Review: Ragamuffin by Tobias S. Buckell
I’ve also reviewed Crystal Rain, Buckell’s first book. The next book in this series, Sly Mongoose, is available in hardcover August 19th. When you check out these books in the store, be sure to spread out the wrap-around cover to fully appreciate Todd Lockwood’s art. I’d kill for Ragamuffin’s full cover as a desktop on my computer.
It had been three hundred and fifty-seven years, three months, and four days since the emancipation of humanity. And for most, it did them little good.
That’s how we’re introduced to Ragamuffin, the second book by Tobias S. Buckell. There’s a lot packed into that first declarative sentence. Emancipation implies that there was slavery. In general a time scale is established. In specific, knowing the exact historical date, hints at the layered reality technology that will offer some cyberpunk spice throughout the story. Most importantly it sets up the status quo that will systematically be disassembled by an extraordinary cast of characters.
In Crystal Rain, aliens had insinuated themselves as gods. That was on a planet cut off from the rest of the Universe by closed wormholes. In Ragamuffin we see the entirety of the wormhole network known to humanity and everywhere we find humans they are treated as second class citizens or worse. Fighting back against this injustice is the noble goal of both the heavily modified warrior main character and others we encounter along the way.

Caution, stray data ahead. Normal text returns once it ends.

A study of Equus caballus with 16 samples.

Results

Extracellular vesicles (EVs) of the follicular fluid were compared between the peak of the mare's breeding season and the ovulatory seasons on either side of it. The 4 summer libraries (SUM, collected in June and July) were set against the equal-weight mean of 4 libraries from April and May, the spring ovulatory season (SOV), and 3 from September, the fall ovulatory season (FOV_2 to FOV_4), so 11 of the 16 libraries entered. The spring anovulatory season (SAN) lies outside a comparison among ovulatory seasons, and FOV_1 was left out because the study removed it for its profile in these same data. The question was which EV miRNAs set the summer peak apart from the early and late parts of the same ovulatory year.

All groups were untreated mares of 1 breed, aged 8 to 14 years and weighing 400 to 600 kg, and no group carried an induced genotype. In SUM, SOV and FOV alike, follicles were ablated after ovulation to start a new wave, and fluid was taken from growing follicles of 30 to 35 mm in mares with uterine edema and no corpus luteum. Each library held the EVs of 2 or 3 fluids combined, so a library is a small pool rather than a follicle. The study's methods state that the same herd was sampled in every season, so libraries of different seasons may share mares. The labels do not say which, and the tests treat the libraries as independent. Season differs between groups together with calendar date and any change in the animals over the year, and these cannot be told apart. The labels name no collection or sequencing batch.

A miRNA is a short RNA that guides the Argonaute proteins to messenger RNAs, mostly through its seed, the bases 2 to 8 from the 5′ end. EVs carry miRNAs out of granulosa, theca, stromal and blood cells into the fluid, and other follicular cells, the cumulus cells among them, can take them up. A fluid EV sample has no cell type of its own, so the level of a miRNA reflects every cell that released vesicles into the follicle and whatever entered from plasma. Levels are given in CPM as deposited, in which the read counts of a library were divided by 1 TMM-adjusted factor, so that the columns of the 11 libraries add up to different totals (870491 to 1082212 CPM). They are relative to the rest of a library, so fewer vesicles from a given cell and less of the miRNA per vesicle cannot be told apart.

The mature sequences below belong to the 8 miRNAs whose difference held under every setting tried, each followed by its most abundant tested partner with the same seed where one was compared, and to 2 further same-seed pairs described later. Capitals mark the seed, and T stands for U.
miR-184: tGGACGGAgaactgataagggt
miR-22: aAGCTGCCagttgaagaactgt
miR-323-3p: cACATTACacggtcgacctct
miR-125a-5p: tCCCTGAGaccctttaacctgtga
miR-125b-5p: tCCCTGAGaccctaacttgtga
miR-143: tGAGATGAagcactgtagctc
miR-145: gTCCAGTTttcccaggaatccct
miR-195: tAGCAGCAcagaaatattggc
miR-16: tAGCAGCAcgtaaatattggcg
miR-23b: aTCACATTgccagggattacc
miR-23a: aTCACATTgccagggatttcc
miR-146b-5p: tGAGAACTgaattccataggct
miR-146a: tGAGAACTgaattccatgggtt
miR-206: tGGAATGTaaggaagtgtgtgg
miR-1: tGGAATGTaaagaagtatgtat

The question of where humanity actually fits into the society of the larger universe is hotly (as in explosive battles) debated, but largely left to be decided in future volumes. Ragamuffin spends many of it’s pages describing interesting technology and finding even more interesting uses for it. There are guns (lots of guns but their most interesting uses aren’t death), space worthy vessels of all shapes and sizes (from ziplock bags to modified asteroids), ubiquitous virtual reality, sky hooks, wormholes (I love how the wormhole map at the front of the book looks like a subway map), mind control and the ultimate mechanical turk.
Ragamuffin is painted on a very large canvas, but the story arc created in Crystal Rain is an important element in the final composition. We also get a few quick mentions of the setting for the third novel. The future Buckell has created is rich and creepy but a ton of fun to experience through the stories he tells.